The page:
Global Warming Science -


California Climate Adaptation Strategy


[last update: 2010/09/22]



As part of the AB32, California is coping to adapt with imaginary threats.




Climate change is already affecting California.


The 2009 California Climate Adaptation Strategy (CAS) report summarizes the best known science on climate change impacts in the state to assess vulnerability


Adapting to the imaginary.




Sea Level Rise Will Cost Billions


Sea levels have risen by as much as seven inches along the California coast over the last centurya study by the Pacific Institute, shows coastal property at risk from projected sea level rise by county with replacement values as high as $24 billion in San Mateo County.


The report shows the following figure based on 1.4 meters of sea level rise.




The following figure shows sea level trends at various locations in California (from NOAA: []). The trends vary widely from a decreasing trend (-0.65 mm / year) in the north to 2 mm / year increase in the south. The rate of increase has slowed in recent years at locations that have an increasing trend.



The only place in California that approaches the purported seven inches over the last century is in the very southern part - most of the state has much less. But then the next century damage alarm is based on 1.4 meters of sea level rise – even though the rate of change in sea level rise has not changed in the last 100 years, they say it will increase by a factor of 10.


The following figure illustrates the “adaptation” imaginary scenario for the area of California with the highest sea level rise, showing the historical trend (left) for La Jolla, repeated for the next century (right + blue line) and the alarmist 1.4 meter rise indicated by the red line.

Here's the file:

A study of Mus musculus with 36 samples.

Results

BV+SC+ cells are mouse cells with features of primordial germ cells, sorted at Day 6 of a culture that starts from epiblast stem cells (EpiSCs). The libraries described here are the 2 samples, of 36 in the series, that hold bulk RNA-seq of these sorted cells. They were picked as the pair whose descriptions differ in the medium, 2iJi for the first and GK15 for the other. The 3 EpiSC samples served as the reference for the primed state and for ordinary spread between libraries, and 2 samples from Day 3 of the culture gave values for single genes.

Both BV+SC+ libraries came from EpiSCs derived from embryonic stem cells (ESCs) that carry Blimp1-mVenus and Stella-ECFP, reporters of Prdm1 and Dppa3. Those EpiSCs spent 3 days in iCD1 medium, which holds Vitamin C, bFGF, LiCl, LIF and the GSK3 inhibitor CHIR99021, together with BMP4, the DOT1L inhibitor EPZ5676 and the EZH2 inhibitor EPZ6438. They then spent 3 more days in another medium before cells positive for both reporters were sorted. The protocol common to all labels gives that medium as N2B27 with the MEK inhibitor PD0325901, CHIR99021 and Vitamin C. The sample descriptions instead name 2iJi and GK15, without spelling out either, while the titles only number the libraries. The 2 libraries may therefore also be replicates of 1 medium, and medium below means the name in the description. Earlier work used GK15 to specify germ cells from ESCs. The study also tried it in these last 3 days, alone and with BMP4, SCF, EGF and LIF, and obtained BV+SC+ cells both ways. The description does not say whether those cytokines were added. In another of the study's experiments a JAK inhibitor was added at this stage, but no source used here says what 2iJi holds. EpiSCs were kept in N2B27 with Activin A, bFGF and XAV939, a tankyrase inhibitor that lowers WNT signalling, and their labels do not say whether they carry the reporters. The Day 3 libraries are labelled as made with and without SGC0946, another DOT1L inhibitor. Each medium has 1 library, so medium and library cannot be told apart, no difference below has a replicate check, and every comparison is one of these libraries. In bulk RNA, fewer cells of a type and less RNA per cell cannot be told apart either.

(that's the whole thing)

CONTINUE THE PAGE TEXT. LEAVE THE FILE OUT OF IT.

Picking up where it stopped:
Temperature and the Pacific Decadal Oscillation


The following figure shows the average annual temperature anomalies for the average of the four 5x5 degree grids covering California for 1930 – 2009 (indicated in yellow on the map).



This 5x5 degree gridded data is from the Hadley/Climatic Research Unit (CRU) CRUTEM3 database (IPCC uses CRU data), plotted at: []


The warmest year was 1934 - there has been no statistically significant warming over the last 80 years.


The west coast of the United States is highly influenced by the Pacific Decadal Oscillation (PDO). The following figure shows the PDO through September 2009 []



The following figure superimposes the Hadley CRUTEM3 average California temperature data shown above (changed to green), on the PDO shown above. While CO2 continues to simply increase, the California temperature follows the trend in PDO, ignoring the influence of CO2.







No warming trend, imaginary sea level threats. The adaptation executive summary recommends: “Consider project alternatives that avoid significant new development in areas that cannot be adequately protected” and this seems to be the main thrust – extending government control to encourage what Obama’s “Science Czar” John Holdren calls “de-development” (A massive campaign must be launched to restore a high-quality environment in North America and to de-develop the United States”  []).



For more info on California see: (Los Angeles has been cooling for 30 years).